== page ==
T.S. Eliot once offered to show us fear in a handful of dust, but Don Hertzfeldt can do it with a few squiggly lines. In his early career, Hertzfeldt brutalized his stick-figure protagonists as a dark joke, but over the past two decades, during which time he’s also become the most important independent animator in the United States, the horrors he’s visited upon them have become existential as well as physical. Rejected, released in 2000, begins as deranged slapstick, with crudely drawn characters shrieking as blood gushes from their wounds, but by the end, the film itself starts to disintegrate, and it takes the viewer’s mind with it. His first feature, 2012’s It’s Such a Beautiful Day, made cognitive decay its text, as its main character, simply named Bill, struggles with a neurological illness that is eating away at his memories. And in the World of Tomorrow series, whose third installment was self-released today, he explores the degradation of consciousness as it’s transferred from a woman named Emily to her several clones, some of whom function as little more than drooling backup units.
Hertzfeldt’s films have grown more visually complex over the years. Where his early shorts feature line drawings floating in a sea of white, the World of Tomorrow series makes use of elaborate digital backdrops. But his characters look more or less the same as the always have, with single-stroke arms and legs protruding from inverted-teardrop bodies topped with a raggedly spherical head. But the emotions they evoke are anything but simple. As I’ve watched Hertzfeldt’s movies over the years, I’ve always marveled at the depth of my response to these deceptively crude figures, who evoke visceral reaction in ways that more supple and realistic depictions do not.
World of Tomorrow Episode Three: The Absent Destinations of David Prime, shifts its perspective from Emily to David, the subject of her unrequited and then tragically realized love. (Technically the consummation of their romance involves several generations of clones and a bit of time travel, but it’s too complicated to summarize here.) Four hundred years before the first episode begins, David is visited by one of Emily’s clones, who implants in his mind the directions to a planet where he can retrieve his future clone’s memories of the time when the two of them were happy together. David wants to follow them—although since he never speaks, he doesn’t seem to have much choice in the matter—but making room to play back her message requires obliterating portions of his own mind, which is contained on some sort of cut-rate neural chip. As he grows closer to his goal, we watch as David, like a computer user desperate to find space on his hard drive, deletes one file after another, beginning with optional skills like basic accounting and, towards, the end, things like “sense of justice” and “walking.” As David progresses along the surface of this alien planet, he passes through an underground cavern where he’s warned to beware of the “moaning cave worms of the lower emotions,” a mere drop of whose saliva can cause a person to scream in pain for the rest of the lives. But by then so little of David’s mind remains that he simply walks straight through it, getting doused in poisonous worm spit and then shrieking hysterically.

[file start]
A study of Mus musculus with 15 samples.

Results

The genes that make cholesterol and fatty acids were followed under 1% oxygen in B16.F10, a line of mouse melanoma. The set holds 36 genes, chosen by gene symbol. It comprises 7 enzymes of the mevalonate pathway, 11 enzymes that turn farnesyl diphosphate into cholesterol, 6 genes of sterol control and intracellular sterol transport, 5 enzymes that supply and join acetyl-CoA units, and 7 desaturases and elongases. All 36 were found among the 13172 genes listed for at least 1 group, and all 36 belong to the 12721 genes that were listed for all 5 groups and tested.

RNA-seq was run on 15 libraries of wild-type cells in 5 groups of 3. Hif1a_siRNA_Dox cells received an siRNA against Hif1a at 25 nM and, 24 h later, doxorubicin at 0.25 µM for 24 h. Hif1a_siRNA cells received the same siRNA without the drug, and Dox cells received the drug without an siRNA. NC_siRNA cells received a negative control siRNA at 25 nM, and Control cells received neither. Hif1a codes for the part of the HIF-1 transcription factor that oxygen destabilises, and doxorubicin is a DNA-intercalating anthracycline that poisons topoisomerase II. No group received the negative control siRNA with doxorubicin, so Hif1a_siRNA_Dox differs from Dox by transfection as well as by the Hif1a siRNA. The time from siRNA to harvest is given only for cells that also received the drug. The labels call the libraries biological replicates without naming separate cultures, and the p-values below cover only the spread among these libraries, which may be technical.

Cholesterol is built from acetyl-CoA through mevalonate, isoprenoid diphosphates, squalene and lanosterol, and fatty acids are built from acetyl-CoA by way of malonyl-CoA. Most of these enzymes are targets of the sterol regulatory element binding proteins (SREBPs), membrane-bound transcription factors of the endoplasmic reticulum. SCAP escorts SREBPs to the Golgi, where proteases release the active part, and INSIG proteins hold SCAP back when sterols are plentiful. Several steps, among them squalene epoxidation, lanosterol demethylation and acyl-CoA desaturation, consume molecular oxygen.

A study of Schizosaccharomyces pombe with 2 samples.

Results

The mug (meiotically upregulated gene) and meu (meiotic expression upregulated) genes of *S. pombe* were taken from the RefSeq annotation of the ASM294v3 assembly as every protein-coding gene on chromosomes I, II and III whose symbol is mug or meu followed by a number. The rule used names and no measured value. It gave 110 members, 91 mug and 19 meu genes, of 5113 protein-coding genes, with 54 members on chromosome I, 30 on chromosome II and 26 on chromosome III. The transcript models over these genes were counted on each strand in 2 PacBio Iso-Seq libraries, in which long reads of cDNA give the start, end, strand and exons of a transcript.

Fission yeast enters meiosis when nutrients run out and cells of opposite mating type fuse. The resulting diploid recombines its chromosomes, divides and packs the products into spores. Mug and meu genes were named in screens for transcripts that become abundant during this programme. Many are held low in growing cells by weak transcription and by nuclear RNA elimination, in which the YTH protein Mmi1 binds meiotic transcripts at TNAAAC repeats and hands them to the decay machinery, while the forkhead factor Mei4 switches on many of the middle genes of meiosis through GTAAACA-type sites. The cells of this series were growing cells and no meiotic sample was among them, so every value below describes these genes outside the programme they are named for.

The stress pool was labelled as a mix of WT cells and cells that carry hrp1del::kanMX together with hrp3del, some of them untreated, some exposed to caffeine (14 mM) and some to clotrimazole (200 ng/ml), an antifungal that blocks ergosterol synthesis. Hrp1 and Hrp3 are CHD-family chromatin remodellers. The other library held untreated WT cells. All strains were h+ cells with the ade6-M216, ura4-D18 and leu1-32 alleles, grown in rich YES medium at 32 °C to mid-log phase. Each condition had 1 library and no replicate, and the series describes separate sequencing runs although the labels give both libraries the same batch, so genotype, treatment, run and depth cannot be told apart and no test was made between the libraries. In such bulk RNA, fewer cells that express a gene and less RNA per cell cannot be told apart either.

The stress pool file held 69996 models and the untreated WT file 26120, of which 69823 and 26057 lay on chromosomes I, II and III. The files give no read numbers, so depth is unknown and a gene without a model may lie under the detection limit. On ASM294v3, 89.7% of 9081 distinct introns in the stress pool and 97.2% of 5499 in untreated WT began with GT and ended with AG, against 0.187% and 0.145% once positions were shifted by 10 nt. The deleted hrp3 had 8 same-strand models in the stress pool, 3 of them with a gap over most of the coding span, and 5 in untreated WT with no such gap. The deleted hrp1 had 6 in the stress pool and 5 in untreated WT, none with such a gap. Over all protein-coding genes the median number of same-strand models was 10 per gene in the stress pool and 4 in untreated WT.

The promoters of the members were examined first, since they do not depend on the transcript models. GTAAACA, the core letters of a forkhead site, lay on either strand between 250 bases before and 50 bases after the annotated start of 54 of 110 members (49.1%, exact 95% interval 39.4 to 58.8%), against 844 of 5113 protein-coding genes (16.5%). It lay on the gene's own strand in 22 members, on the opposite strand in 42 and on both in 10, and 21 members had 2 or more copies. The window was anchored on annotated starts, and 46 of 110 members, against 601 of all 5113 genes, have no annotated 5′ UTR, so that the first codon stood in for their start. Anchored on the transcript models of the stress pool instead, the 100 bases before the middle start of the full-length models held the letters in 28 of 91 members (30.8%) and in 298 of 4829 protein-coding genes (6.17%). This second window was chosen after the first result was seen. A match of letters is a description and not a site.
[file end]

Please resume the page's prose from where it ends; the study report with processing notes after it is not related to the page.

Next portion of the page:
The moment is played for laughs, and it’s hilarious, but it’s also deeply unsettling. In a time when we’ve rightly questioned whether any fictional personage can exist outside of cultural specificity, Hertzfeldt’s stick figures may be the last truly universal characters. Their stripped-down, almost iconic nature forces you to fill in the blanks, and the simplest thing to fill them with is yourself. Their thin-lined bodies seem excruciatingly fragile, and their hearts and minds are no more robust. Without even much in the way of clothing—Emily’s body is a stylized inverted triangle, and David might as well be wearing nothing at all—they’re unprotected from the ravages of the world. As a longtime admirer of Hertzfeldt’s hand-drawn animation, I worried that the World of Tomorrow series’ switch to digital would rob his characters of their alchemical crudity, but if anything, the contrast between his minimalist figures and the intricately detailed world they inhabit has only grown starker, and more cruel.
This isn’t only true on a visual plane, either. As the voice of Emily’s adult clones, Julia Pott narrates the shorts in a British-accented monotone (perhaps a deliberate homage to the affectless voiceover of Chris Marker’s Sans Soleil, which is also concerned with the way memory transforms experience), while the original Emily, Emily Prime, speaks in found-footage babbling sourced from Hertzfeldt’s toddler niece. Pott’s immaculate deadpan is perfect for morbid gags like “I have written you a love poem. It is called ‘Will You Be the One to Discover My Dead Body?’” But it also serves as camouflage for the hard-won sentimentality at the core of the World of Tomorrow films. At heart, they are stories of love and loss, of the endless struggle to extract a sliver of meaning from a ruthless and chaotic universe, about how finding the right person can make the misery of existence just about bearable. “Live well and live broadly,” Emily’s time-traveling clone tells her younger, uncloned self. “You are alive and living now.” It’s a mere gloss on carpe diem, but after the disorientation World of Tomorrow has put us through, it’s like a raft in a raging sea.
Emily Prime’s clone has another piece of advice for her: “Do not dwell on petty detail.” That’s a maxim Don Hertzfeldt seems to have taken to heart. The plot of World of Tomorrow Episode Three, which eventually overlaps and intertwines with the plot of the first two episodes, is so intricate that merely contemplating it can make you feel short of breath. But at its center is an unadorned, nearly silent stick figure, a vessel waiting to be filled.